A rugged little cove.
Trefin is a village in the Welsh-speaking area of North Pembrokeshire, south-west Wales. It is sometimes given the anglicised spelling Trevine, particularly on older maps, although the official name is Trefin in both English and Welsh. Trefin’s name comes from the Welsh Trefaen meaning ‘village on the rock outcrop’.
A stunning place to pause awhile is the beach and ruined mill at Trefin on the Pembrokeshire National Coast Path northwards from Porthgain – just after you reach the standing stone circle , the path drops down into a rugged little cove – a geologist’s delight it has an abundance of rocks and caves to explore, especially at low tide. The slate cliffs and little path down the side of the waterfall has recently been made more accessible and there are a few parking places for the non-walker. The Strumble Shuttle bus goes past and it is not far from the village with a pub and youth hostel, a weaving centre, The Mill cafe, two chapels (both now closed) as well as holiday accommodation.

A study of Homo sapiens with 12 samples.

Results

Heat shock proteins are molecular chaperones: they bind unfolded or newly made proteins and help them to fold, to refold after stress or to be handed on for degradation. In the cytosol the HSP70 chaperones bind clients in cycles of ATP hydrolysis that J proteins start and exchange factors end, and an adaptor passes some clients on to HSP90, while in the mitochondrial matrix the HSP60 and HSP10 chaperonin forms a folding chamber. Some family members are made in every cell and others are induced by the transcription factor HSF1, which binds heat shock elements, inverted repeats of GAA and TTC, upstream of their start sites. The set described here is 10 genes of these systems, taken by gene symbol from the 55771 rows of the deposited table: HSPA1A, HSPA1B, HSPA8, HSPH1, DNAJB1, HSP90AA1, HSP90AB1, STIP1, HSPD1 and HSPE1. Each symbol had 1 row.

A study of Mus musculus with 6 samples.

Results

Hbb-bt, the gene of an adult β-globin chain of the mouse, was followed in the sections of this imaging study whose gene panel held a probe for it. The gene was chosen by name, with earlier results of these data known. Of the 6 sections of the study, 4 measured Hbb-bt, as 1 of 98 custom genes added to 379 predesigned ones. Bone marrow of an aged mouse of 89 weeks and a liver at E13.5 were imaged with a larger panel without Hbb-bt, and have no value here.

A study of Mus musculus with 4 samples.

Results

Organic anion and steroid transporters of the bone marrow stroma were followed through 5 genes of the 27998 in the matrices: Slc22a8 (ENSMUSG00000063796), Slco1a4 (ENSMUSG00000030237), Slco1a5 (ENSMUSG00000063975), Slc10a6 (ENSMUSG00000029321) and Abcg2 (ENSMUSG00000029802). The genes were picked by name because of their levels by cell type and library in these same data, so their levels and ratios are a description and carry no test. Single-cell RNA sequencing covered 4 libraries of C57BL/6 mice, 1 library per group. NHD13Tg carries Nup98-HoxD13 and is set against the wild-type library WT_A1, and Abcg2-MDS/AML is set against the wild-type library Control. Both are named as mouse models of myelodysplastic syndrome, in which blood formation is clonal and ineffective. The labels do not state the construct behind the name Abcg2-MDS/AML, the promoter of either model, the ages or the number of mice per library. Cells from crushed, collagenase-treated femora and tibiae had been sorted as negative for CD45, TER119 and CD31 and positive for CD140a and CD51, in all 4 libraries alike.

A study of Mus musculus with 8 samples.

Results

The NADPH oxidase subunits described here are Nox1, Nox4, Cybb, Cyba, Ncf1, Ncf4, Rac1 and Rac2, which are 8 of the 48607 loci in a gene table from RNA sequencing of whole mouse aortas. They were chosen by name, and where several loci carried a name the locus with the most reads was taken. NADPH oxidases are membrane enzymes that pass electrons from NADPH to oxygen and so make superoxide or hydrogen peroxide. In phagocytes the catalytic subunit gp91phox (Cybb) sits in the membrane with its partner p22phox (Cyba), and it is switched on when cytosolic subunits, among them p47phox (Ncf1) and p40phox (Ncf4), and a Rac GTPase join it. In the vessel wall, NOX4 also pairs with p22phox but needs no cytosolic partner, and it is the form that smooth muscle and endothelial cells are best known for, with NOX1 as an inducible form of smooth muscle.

Although small, Trefin is an historical village. The historic mill at Aberfelin was in use for around 500 years by the villagers of Trefin and surrounding areas. Wheat was milled to produce flour for bread and barley was ground into winter feed for livestock. By the 1900s cheap grain was being imported from overseas and milled in larger mills in towns and cities and Trefin Mill closed in 1918. The mill stones remain in the ruins of the roofless mill.
This beach has always a favourite with my family especially if you just have a short time or would like an evening scramble around the rocks and pools – we have seen seals close in here and it is also a lovely picnic spot on a sunny day. Cwtch, my collie, very much enjoys exploring the caves and parts of the beach only reached at low tide.